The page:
Authors: Mara Goldman*, University of Colorado, Boulder, Shruthi Jagadeesh, University of Colorado-Boulder
Topics: Cultural and Political Ecology, Women, Asia
Keywords: gender, intersectionality, India, feminist political ecology, forests
Session Type: Paper
Start / End Time: 9:55 AM / 11:35 AM
Room: Roosevelt 5, Marriott, Exhibition Level
Presentation File: No File Uploaded
It is well known that access to and knowledge about environmental resources diverge across various social categories of difference (i.e. gender, class, cast, class,...). Feminist political ecology uses Intersectionality as a lens to highlight power across difference in negotiating access to resources, and producing naturecultures. Much of the original work exposing the gendered and intersectional dimensions of environmental access/knowledge came from India. How then, can it then be that scholarly research and outreach with forest dwelling communities on environmental rights, access, and knowledge in India, can continue to deny the importance of gender and other categories of difference?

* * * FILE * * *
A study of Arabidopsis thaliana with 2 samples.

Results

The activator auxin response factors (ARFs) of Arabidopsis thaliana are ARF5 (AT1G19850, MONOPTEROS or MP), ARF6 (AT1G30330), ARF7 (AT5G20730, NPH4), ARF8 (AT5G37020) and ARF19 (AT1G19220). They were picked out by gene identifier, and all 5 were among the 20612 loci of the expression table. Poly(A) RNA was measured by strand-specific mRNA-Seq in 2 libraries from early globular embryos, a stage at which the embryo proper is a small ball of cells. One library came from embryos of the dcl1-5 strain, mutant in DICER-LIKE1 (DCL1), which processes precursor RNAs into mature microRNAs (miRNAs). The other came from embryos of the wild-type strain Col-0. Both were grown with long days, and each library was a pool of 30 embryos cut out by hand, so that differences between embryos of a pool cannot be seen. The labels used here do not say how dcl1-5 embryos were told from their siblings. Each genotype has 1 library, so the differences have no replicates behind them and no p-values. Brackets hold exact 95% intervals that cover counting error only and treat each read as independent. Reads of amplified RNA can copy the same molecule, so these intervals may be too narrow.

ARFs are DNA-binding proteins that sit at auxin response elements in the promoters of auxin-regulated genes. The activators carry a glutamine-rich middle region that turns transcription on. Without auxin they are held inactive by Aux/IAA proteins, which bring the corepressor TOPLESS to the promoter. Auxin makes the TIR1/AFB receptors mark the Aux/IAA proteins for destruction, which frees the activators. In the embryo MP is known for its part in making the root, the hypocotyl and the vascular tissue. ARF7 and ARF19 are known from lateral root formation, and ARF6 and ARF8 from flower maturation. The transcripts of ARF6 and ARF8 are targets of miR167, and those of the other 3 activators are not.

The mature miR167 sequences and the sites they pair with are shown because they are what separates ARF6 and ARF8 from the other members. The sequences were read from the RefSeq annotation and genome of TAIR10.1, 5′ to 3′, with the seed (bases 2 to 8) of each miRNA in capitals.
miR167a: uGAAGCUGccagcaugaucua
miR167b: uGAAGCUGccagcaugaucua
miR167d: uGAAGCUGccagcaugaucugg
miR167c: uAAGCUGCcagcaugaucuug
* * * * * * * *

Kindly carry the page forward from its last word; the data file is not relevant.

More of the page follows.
I argue that a form of ‘triage’ occurs when scholars choose to focus on one category of difference, such as a ‘tribal’ identity, while ignoring others, including gender. In this way gender becomes an ‘unknown known’—something long made visible by scholarship, evoked by gender-based organizations, and evident in daily interactions. Yet, research and action on rights and knowledge in forests, systematically denies these differences, by excluding the participation of women. This may be through active triage—choosing a difference that has the most traction (i.e. ‘tribal), and not wishing to muddy this category. Or it may be a more subtle (if unconscious) desire to not challenge social norms in place mediating their own behavior, or the behavior of community members. Both possibilities rely on the continued dismissal of ‘knowns’ –that all environmental issues are gendered— which obscures research and action, continuing cycles of erasure and disenfranchisement.